Editorial


During the next few weeks and months, they must decide if they will join with officials from Stark and Columbiana counties to form a regional group focused on constructing an alternate US 30 from Trump Rd. to Route 44 in East Canton and on to Route 11 near Lisbon along with constructing a connector route from Carrollton to US. 30.

The idea is to improve US 30 so travelers and regional businesses have a four-lane, divided, limited access highway across Ohio with connections to Pittsburgh through Route 11 and Route 7 and then Route 22. In essence, the highway would open this part of the state to east and west travelers, businesses and industry and spur economic development and tourism, an idea that has been on the table for many, many years.

For more than 50 years, local officials have been lobbying for improvements to US 30 and a better, safer route for Carroll County residents to travel to Canton. In the past, plans have always relied on the Ohio Department of Transportation to foot the bill for the entire project.

This time it’s different.

Rep. Kirk Schuring, R-Canton, authored legislation that allows multiple counties to jointly undertake road improvement projects under what is known as a Regional Transportation Improvement Projects (RTIP) and provides funding mechanisms. Schuring, who is also spearheading the organization of the Carroll Columbiana Stark RTIP, said there is a menu of options counties can utilize to channel funds to pay for debt service on bonds issued for the construction. The most commonly used in Ohio is Tax Increment Financing, or TIF. School districts across the state commonly use this form of funding.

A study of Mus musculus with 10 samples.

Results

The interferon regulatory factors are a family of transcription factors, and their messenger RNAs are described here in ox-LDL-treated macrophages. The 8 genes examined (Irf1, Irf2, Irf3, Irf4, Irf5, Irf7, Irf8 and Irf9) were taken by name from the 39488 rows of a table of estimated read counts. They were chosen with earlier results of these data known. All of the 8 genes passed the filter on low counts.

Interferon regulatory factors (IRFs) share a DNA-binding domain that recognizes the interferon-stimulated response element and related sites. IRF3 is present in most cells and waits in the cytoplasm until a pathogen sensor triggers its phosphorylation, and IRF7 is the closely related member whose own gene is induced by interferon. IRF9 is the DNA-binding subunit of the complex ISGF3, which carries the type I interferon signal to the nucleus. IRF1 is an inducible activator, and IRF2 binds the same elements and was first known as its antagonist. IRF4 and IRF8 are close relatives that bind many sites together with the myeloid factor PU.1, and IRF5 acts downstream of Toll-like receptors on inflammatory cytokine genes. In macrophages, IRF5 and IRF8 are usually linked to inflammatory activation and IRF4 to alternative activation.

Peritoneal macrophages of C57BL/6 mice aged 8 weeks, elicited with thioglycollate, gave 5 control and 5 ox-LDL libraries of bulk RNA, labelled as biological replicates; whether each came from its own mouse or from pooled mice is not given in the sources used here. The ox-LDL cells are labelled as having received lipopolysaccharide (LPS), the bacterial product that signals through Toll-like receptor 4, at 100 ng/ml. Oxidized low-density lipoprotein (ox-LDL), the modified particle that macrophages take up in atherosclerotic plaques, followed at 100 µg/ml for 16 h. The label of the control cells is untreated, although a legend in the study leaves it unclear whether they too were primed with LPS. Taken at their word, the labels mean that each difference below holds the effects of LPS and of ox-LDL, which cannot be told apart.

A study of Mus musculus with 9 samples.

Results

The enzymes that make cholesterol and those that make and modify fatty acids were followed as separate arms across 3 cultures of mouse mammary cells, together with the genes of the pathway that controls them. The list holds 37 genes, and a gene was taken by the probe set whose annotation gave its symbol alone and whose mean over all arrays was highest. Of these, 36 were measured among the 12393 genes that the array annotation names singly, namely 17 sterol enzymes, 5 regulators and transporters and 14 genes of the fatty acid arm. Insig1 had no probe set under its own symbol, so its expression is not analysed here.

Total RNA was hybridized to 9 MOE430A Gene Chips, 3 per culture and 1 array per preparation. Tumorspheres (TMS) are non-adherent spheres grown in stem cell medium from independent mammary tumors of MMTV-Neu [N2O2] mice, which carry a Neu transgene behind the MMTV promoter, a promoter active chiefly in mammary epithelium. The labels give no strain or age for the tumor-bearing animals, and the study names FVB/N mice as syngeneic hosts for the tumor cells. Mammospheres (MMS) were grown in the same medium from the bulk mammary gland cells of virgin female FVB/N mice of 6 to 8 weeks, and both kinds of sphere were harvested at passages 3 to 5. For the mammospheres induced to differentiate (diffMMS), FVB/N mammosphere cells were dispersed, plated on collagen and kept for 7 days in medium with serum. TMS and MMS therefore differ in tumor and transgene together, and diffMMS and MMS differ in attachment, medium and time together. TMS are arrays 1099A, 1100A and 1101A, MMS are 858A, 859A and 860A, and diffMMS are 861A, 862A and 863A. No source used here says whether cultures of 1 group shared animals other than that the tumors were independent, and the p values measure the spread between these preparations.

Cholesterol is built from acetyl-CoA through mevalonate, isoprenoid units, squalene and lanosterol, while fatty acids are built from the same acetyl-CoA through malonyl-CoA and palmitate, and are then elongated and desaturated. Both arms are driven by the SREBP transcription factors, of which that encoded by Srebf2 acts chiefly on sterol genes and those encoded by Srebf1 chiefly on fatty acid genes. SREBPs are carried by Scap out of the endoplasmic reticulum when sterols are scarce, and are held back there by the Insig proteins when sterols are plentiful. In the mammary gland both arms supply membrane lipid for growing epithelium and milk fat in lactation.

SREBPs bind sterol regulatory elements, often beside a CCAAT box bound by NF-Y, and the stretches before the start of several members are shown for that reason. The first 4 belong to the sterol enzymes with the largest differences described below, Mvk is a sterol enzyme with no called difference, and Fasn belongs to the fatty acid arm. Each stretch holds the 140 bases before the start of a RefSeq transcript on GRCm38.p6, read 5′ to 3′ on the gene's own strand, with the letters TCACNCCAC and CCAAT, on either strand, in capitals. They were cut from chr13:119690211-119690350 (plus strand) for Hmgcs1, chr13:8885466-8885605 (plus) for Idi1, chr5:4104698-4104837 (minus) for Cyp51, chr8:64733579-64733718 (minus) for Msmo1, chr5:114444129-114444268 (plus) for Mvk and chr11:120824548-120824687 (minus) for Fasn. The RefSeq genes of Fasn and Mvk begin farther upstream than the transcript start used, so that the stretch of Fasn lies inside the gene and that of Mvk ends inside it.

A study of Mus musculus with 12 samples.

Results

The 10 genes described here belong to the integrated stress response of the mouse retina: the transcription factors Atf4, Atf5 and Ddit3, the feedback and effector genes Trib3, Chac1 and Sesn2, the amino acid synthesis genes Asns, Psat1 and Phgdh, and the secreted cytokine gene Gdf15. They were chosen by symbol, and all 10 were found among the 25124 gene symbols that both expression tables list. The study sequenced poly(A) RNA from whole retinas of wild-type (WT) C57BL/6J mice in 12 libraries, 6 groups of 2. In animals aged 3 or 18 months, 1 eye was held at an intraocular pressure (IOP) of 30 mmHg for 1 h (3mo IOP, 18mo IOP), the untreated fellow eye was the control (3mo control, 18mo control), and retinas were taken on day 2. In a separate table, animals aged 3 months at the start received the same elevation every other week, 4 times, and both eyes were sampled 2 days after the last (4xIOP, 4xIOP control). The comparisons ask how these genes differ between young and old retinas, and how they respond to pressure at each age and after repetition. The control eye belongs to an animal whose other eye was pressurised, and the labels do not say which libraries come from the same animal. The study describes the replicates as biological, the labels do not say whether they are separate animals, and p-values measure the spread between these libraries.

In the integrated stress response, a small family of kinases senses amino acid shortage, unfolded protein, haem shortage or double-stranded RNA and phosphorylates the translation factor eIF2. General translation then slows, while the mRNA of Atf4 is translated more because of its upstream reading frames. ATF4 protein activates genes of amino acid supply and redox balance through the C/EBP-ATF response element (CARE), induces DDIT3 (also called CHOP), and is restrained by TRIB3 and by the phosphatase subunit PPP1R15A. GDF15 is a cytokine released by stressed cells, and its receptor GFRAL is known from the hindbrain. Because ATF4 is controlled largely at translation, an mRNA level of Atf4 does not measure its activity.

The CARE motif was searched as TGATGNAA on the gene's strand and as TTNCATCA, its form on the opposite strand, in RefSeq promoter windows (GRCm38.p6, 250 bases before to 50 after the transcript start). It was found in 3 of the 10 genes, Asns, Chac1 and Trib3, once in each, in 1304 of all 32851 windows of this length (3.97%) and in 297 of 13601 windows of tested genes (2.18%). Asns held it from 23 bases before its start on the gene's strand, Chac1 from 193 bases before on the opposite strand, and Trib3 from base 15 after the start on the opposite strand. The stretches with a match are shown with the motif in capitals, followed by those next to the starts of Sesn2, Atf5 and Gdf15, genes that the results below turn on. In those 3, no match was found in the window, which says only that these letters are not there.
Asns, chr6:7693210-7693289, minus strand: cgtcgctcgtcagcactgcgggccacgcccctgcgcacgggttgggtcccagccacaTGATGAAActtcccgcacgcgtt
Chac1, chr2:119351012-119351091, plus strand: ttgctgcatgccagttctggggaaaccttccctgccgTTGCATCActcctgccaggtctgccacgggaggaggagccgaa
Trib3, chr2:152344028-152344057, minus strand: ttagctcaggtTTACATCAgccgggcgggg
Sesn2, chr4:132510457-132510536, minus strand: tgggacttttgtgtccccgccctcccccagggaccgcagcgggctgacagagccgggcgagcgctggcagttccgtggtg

This funding mechanism allows counties to share the cost and partner with ODOT in a cost share program not available with previous efforts to improve US 30 and build a connector route from Carrollton to US 30.

Development in Carroll County is gravitating north along SR 43 and county commissioners are undertaking a project to provide water and sewer from Malvern to Arrow Rd. along the SR 43 corridor to sustain and expand that growth.

Although Carroll County is blessed to have two stat care facilities in Carrollton, it still lacks quick access to Canton area hospitals in the case of emergencies. The community of does not have sufficient population to support a hospital so it is important to provide the safest and fastest route to Canton for emergency personnel transporting patients.

It’s too early in the process to talk about routes for the connector from Carrollton to US 30.The first step is to sign a cooperative agreement and agree to form the RTIP and explore the possibilities… at no cost.

If commissioners decide the plan will not work for Carroll County, they have the option to withdraw and are only responsible for costs incurred by the RTIP in the county.

The US 30 project and a connector route to Carrollton have been on dead center for too many years. The RTIP’s funding mechanism offers an opportunity to move the project forward, open up Carroll County for development and tourism that will provide jobs for residents and cut down down on the number of traffic accidents that occur along the current heavily traveled route.

We encourage commissioners to take that first step and sign the cooperative agreement.

Without taking the first step, future steps are not possible and we remain an isolated county accessible only by two-lane highways. By taking the first step, the ability to explore the future opens up, a future we believe is bright.